Like every other HP stockholder, I lost money as a result of the recent set of decisions made by the HP board and announced on August 18, 2011. Commentators and analysts queued up to express surprise at HP’s plans to conduct a strategic review of the options for the PC Business Unit (PSG), drop the production of WebOS hardware devices (creating an opportunity for many to buy $99 TouchPads), and to spend a wad of cash on Autonomy. Taken separately, each of these steps might make total sense and prove to be well-founded in terms of HP’s long-term success. Taken together and when communicated in the way that the news rolled out, they convey an impression of deckchairs being energetically shuffled.
I don’t think I would have even considered writing those kind of words about HP a year ago. Much has happened since Mark Hurd was dismissed for reasons that still remain somewhat murky to the arrival of a new CEO and the latest set of strategic moves. Change has not been good to stockholders with the share price declining by around 50% in that time. HP still throws off billions of free cash annually and offers the widest set of solutions in the IT industry but somewhere along the line the faith of stockholders has been sorely tested.
Perhaps this is just a nadir before HP lifts itself to new heights. I wish I had the confidence to subscribe to such a theory but I can’t get the lack of coherence and clarity that shone through in HP’s communications out of my mind. The simple fact is that while it seems like HP wants to transform itself into a company that makes more from software than it does today, going out to tell the world that PSG was essentially not in HP’s long-term future , that they were junking the result of a $1.2 billion investment from 2010 (not to mention nullifying all the hype that had been generated since the TouchPad launch on July 1), and that they’d paid a huge premium to buy Autonomy didn’t seem to be parts of a plan that had been well thought through. Largely due to my time spent working within HP’s Office of Strategy and Technology, the lack of coherence and joined-up thinking as conveyed in the announcements came as a huge shock.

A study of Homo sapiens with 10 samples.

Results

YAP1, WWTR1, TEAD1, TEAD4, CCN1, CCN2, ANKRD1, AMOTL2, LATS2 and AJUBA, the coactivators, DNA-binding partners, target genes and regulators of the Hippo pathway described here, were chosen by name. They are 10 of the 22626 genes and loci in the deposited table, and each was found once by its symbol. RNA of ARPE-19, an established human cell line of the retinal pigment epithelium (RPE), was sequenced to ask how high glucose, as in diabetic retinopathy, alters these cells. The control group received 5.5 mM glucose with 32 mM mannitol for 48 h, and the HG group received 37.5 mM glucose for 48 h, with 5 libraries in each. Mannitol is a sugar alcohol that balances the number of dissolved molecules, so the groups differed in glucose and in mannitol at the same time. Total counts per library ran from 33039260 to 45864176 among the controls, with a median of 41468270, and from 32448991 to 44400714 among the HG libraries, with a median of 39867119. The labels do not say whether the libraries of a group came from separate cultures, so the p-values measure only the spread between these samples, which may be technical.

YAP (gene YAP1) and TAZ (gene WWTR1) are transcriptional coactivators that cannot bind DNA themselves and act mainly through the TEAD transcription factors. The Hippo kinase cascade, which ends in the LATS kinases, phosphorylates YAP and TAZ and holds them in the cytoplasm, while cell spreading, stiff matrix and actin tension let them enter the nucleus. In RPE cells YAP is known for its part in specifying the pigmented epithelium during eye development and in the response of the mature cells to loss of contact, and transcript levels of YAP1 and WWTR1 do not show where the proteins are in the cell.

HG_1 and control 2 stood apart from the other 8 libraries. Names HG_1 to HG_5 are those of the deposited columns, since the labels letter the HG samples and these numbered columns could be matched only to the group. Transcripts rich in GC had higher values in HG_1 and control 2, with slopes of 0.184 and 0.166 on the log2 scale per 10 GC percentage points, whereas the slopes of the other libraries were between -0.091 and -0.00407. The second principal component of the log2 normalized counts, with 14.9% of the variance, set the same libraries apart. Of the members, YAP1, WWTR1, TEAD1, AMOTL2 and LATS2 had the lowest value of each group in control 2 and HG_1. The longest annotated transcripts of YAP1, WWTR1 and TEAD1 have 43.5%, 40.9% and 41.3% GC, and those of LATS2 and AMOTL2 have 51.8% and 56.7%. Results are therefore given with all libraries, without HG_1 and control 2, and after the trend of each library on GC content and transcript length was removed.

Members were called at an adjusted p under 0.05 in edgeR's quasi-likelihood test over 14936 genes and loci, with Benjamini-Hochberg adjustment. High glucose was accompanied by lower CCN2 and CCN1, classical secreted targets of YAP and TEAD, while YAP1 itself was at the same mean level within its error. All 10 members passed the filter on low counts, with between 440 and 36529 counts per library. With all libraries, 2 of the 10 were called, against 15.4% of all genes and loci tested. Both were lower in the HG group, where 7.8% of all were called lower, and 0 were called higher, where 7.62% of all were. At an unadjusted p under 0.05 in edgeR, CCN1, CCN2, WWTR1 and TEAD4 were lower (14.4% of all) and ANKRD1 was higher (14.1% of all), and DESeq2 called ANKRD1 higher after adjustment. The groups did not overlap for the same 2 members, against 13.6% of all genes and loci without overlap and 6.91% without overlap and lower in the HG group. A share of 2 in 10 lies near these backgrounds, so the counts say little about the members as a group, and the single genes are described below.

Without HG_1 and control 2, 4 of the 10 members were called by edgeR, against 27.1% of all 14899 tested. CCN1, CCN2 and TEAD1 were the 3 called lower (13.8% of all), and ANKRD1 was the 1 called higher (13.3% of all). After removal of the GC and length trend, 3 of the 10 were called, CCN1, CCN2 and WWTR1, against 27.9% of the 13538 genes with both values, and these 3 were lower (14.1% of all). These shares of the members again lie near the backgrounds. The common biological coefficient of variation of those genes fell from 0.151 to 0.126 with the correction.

My experience is that HP makes strategic moves only after doing a lot of research and accumulating a heap of solid evidence. The quick-fire nature of the announcements didn’t fit with this working model, unless of course HP has assembled a compelling set of data that proved to their Executive Committee and Board that things will become worse if they hadn’t set out on this course.
The irritating thing is that HP’s communication improved rapidly after the initial announcements were thrashed by the analysts. In particular, PSG management and other commentators pointed to the benefits that could be accrued by HP if PSG was spun-off as a separate business as well as the strengths that exist within PSG. Apparently there are some interesting tax advantages in taking this route and of course, not all of the PC business would need to move from the HP mother ship. For example, a spin-out might only take the consumer devices (the kind that show up in retailers like Best Buy) and leave business-class PCs within HP to be sold by HP’s enterprise sales force. Some arrangements might be possible to share components and IP going forward so that both the spin-off and HP continue to benefit from scale, buying power, and shared knowledge. A spin-off might even be able to take WebOS and do something with it to realize some benefit from the $1.2 billion check that HP wrote to buy Palm.
There are disadvantages in a spin-off too. For example, it might not be possible for the spin-off company to take advantage of joint marketing with HP’s printer business to sell PC/printer bundles to customers. But these are challenges that can be worked on over time. If not a spin-off, the desired alternative might be to sell PSG to another company. On August 24, Samsung denied that they are interested and it’s hard to see who else might be interested. What’s for sure is that the worst outcome would be to have PSG limp along as the unwanted child of HP businesses and never go anywhere fast.
In fact, the larger challenge from last week’s announcements might be how to integrate Autonomy into HP’s software business. I can see how there might be a match between Autonomy and HP’s Integrated Archive platform and that HP probably wants to sell more server and storage to run Autonomy deployments. However, the challenge isn’t in making software products work together or figuring out how to bundle software and hardware together. It’s harder to keep people from acquired companies for any significant time after retention bonuses are paid. How long will Mike Lynch and his team of key contributors be happy to work within the HP culture? After all, much of the talent that has joined HP through acquisitions over the years has left reasonably quickly. Think of Ben Horowitz (Opsware) or Rahul Sood (VoodooPC).
It’s just hard to join a company of 350,000 people when you’ve been used to working in a much smaller company or having more authority or influence than you end up with inside HP… or any other large company for that matter. And who could blame the Autonomy talent if they head for the hills to enjoy the large pay-off they will earn from this acquisition?